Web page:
Neil Best first worked at Newsday in 1982, then returned in 1985. His SportsWatch column debuted in 2005.
EAST RUTHERFORD, N.J. - It was a promise made on a steamy day last July, when the Nets formally introduced Kevin Garnett and Paul Pierce -- Hall of Famers of the future alighting in Brooklyn of the present.
Nine months later, it is time to deliver, on the same Barclays Center floor where the deal was publicly consummated.
Even more than their crosstown rivals in Manhattan, the Nets invested money and draft picks in winning now, and that urgency surely will be felt both on the court and in the stands when the playoffs return to Brooklyn Friday night.
Yes, the Nets played four postseason games there last spring, memorably losing to the Bulls in Game 7 of a first-round series that convinced the team's leadership that a personality transplant was in order.
That is where coach Jason Kidd, Garnett, Pierce and their since-departed Celtics pal Jason Terry were to come in, and it worked (sort of) during the regular season -- at least after Jan. 1.
But all that was mere prelude. Proving it to an evolving fan base in a still-new arena in a mostly indifferent market requires winning in the playoffs.
Adding to the opportunity (and pressure) is that the Knicks, whose average local TV rating roughly tripled the Nets' this season, have left New York's NBA stage wide open for the men in black and white.
Even the Raptors and their fans have helped by raising the emotional stakes, notably general manager Masai Ujiri's vulgar barb aimed at Brooklyn before Game 1, an X-factor several Nets were asked about after practice Thursday.
Former Raptor Alan Anderson called it "chitchat'' and figured Nets fans would be ready after "waiting for this moment, just like we are."
Does he anticipate a rowdier crowd than the ones in Toronto? "They're Brooklyn, so they're more rowdy, yeah, definitely," he said. "They're way more rowdy, man. You're going to see it's New Yorkers -- Brooklyn New Yorkers.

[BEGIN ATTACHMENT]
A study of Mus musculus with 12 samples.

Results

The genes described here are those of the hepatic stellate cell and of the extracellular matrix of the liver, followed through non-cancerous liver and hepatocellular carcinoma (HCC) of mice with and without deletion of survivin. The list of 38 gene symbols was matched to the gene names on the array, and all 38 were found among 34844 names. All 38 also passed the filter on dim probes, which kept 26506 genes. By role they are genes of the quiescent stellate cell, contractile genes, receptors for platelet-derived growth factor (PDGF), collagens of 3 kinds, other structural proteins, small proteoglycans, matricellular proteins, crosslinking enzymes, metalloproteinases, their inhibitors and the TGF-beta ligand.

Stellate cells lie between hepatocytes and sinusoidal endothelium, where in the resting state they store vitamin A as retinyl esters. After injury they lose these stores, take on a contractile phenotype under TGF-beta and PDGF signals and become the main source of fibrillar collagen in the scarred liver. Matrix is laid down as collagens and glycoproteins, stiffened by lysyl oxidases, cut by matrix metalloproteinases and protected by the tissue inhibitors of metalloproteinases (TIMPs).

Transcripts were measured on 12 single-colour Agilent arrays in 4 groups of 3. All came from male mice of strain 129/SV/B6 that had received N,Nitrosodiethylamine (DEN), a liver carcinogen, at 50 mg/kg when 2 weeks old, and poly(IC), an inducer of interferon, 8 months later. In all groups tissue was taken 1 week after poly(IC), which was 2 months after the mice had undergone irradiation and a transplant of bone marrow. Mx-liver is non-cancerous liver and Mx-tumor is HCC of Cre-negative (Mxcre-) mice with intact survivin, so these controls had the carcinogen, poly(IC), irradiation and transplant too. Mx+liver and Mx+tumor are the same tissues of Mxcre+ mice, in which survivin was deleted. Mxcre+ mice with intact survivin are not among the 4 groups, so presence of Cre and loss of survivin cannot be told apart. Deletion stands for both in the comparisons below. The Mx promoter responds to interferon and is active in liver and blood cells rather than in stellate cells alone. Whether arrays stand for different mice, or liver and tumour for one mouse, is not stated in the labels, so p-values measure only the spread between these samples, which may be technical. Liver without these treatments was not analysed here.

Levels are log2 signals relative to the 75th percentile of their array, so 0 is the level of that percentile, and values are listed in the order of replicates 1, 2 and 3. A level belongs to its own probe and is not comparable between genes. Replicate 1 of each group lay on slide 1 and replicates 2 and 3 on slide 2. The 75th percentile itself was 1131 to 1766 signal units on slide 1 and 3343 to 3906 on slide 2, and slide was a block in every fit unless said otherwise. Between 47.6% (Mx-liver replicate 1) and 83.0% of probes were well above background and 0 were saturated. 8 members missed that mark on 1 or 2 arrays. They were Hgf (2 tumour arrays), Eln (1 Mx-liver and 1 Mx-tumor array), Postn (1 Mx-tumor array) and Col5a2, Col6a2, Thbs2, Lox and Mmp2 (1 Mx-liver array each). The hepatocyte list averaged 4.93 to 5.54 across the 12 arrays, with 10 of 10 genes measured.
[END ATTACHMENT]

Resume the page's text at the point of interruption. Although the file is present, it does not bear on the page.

"They're going to think they're in the game, like they're playing, so we're going to have some fun."
Garnett was booed early and often in Toronto -- when he wasn't being targeted with a vulgar chant that prominently included his initials. He said he is "very eager" to see the kind of reception Brooklyn fans offer the Raptors.
But that sort of thing mostly is fodder for talk radio and tabloid back pages. All that really matters is wins and losses, and if the Nets don't secure two of the former this weekend, they will fumble the home-court edge.
And even if they win Games 3 and 4 and close out the series next week, they have a long way to go to truly to make a dent in the public consciousness. Beat the Heat next, and then we can talk more seriously about Brooklyn being in the house.
If that sounds harsh for a team that is the sixth playoff seed in an awful conference, well, this is the business the Nets have chosen, and this is the city they have chosen to conduct it in.
It's not easy. Tuesday night's loss to the Raptors was the second-highest-rated Nets game ever shown on the YES Network -- and less than half as highly rated as that night's regular-season Yankees-Red Sox game.
"They're hungry for it," Pierce said of Nets fans. "They've been watching playoffs for about a week now. Now they get a chance to come into our own building and enjoy it and really try to give us a lift."
"Hungry" is the word, but it goes back further than a week -- at least to Game 7 last year, and for some to 1976, when they won the second of their two ABA titles.
The Nets are 0-0 at Barclays Center in the postseason since the big news conference last summer. Everyone was properly introduced that day and has had plenty of time to get to know one another. Now it's time to win.